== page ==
Computational Model Library

MELBIS-V1 is a spatially explicit agent-based model that allows the geospatial simulation of the decision-making process of newcomers arriving in the bilingual cities and boroughs of the island of Montreal, Quebec in CANADA, and the resulting urban segregation spatial patterns. The model was implemented in NetLogo, using geospatial raster datasets of 120m spatial resolution.

MELBIS-V2 enhances MELBIS-V1 to implement and simulate the decision-making processes of incoming immigrants, and to analyze the resulting spatial patterns of segregation as immigrants arrive and settle in various cities in Canada. The arrival and segregation of immigrants is modeled with MELBIS-V2 and compared for three major Canadian immigration gateways, including the City of Toronto, Metro Vancouver, and the City of Calgary.

This model is an extension of the Artificial Long House Valley (ALHV) model developed by the authors (Swedlund et al. 2016; Warren and Sattenspiel 2020). The ALHV model simulates the population dynamics of individuals within the Long House Valley of Arizona from AD 800 to 1350. Individuals are aggregated into households that participate in annual agricultural and demographic cycles. The present version of the model incorporates features of the ALHV model including realistic age-specific fertility and mortality and, in addition, it adds the Black Mesa environment and population, as well as additional methods to allow migration between the two regions.

As is the case for previous versions of the ALHV model as well as the Artificial Anasazi (AA) model from which the ALHV model was derived (Axtell et al. 2002; Janssen 2009), this version makes use of detailed archaeological and paleoenvironmental data from the Long House Valley and the adjacent areas in Arizona. It also uses the same methods as the original AA model to estimate annual maize productivity of various agricultural zones within the Long House Valley. A new environment and associated methods have been developed for Black Mesa. Productivity estimates from both regions are used to determine suitable locations for households and farms during each year of the simulation.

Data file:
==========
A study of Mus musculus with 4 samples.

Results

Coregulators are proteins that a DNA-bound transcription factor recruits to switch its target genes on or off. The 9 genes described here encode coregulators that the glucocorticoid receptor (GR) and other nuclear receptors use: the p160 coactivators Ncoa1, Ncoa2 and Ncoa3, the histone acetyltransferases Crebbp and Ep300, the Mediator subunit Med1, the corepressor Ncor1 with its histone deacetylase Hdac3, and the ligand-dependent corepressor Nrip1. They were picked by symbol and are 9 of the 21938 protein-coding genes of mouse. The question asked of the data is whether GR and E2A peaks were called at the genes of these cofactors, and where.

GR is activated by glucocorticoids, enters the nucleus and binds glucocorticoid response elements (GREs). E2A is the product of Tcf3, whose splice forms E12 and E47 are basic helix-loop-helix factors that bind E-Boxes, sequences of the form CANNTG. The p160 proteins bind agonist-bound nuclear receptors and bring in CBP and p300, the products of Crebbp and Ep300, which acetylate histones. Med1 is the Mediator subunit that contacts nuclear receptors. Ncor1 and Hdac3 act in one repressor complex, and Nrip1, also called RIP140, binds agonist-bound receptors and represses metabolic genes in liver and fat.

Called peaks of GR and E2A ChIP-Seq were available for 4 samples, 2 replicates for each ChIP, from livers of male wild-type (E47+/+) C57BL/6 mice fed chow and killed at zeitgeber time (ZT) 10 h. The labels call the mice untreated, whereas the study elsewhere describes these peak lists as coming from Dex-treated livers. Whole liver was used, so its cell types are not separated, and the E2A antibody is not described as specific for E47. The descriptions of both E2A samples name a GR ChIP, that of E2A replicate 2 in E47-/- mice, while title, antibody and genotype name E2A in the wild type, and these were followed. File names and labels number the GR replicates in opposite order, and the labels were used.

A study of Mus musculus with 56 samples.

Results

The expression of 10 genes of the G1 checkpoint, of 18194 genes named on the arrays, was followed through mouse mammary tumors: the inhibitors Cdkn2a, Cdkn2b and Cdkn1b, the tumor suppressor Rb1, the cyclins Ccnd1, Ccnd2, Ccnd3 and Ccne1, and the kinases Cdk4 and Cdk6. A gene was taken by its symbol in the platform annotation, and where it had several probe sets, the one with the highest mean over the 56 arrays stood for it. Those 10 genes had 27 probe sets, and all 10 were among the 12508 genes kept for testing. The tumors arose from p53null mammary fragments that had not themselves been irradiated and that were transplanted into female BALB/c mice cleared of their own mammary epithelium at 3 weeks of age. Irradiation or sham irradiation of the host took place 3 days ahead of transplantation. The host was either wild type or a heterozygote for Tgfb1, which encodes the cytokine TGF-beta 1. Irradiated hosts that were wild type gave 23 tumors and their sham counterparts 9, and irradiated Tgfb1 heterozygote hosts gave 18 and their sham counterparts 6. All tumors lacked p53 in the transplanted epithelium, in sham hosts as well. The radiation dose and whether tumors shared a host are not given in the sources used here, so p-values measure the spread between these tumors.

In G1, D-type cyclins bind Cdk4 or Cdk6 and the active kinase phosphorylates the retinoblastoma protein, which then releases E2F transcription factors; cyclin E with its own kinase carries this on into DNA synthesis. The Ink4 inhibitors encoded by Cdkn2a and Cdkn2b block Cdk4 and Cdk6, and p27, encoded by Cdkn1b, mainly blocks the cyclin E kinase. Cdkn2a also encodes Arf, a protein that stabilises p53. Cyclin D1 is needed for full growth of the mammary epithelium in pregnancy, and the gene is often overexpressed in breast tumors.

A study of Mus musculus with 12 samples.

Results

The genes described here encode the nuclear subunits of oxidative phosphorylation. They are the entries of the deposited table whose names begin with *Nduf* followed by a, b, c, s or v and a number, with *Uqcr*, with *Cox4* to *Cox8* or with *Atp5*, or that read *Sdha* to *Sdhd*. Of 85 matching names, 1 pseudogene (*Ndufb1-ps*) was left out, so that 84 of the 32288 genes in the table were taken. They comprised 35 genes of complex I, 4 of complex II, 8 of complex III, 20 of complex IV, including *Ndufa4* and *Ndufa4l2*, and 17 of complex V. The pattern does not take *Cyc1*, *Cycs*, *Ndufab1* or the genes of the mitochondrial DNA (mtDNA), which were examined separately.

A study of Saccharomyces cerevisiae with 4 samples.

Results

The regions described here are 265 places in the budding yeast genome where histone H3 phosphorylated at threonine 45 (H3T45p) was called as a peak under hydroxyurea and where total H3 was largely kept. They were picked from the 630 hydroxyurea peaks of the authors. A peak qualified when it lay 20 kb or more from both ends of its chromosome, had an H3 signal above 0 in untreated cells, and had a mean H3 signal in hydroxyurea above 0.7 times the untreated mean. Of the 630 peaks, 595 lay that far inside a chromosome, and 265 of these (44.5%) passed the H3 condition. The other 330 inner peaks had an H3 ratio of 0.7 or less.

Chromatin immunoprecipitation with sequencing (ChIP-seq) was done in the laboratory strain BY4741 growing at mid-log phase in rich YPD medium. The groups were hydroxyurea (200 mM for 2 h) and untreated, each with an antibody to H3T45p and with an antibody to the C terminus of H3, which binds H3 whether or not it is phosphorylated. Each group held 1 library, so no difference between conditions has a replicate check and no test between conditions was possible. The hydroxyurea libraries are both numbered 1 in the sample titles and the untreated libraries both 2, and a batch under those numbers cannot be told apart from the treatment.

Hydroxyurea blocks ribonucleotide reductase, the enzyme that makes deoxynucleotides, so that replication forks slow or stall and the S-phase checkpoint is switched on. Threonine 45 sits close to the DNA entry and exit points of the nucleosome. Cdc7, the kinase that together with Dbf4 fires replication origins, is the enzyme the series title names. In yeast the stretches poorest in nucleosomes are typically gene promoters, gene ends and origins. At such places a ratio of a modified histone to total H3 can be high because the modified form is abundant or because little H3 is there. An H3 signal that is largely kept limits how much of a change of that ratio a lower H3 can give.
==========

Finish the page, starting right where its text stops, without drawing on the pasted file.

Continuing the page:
This model has been created with and for the researcher-farmers of the Muonde Trust (, a registered Zimbabwean non-governmental organization dedicated to fostering indigenous innovation. Model behaviors and parameters (mashandiro nemisiyano nedzimwe model) derive from a combination of literature review and the collected datasets from Muonde’s long-term (over 30 years) community-based research. The goals of this model are three-fold (muzvikamu zvitatu):
A) To represent three components of a Zimbabwean agro-pastoral system (crops, woodland grazing area, and livestock) along with their key interactions and feedbacks and some of the human management decisions that may affect these components and their interactions.
B) To assess how climate variation (implemented in several different ways) and human management may affect the sustainability of the system as measured by the continued provisioning of crops, livestock, and woodland grazing area.
C) To provide a discussion tool for the community and local leaders to explore different management strategies for the agro-pastoral system (hwaro/nzira yekudyidzana kwavanhu, zvipfuo nezvirimwa), particularly in the face of climate change.

A proof-of-concept agent-based model ‘SimDrink’, which simulates a population of 18-25 year old heavy alcohol drinkers on a night out in Melbourne to provide a means for conducting policy experiments to inform policy decisions.

Agent-Based Model for the Evolution of Ethnocentrism

Max Hartshorn | Published Sat Mar 24 21:34:18 2012 | Last modified Sat Apr 27 20:18:21 2013

This is an implementation of an agent based model for the evolution of ethnocentrism. While based off a model published by Hammond and Axelrod (2006), the code has been modified to allow for a more fine-grained analysis of evolutionary dynamics.

This theoretical model includes forested polygons and three types of agents: forest landowners, foresters, and peer leaders. Agent rules and characteristics were parameterized from existing literature and an empirical survey of forest landowners.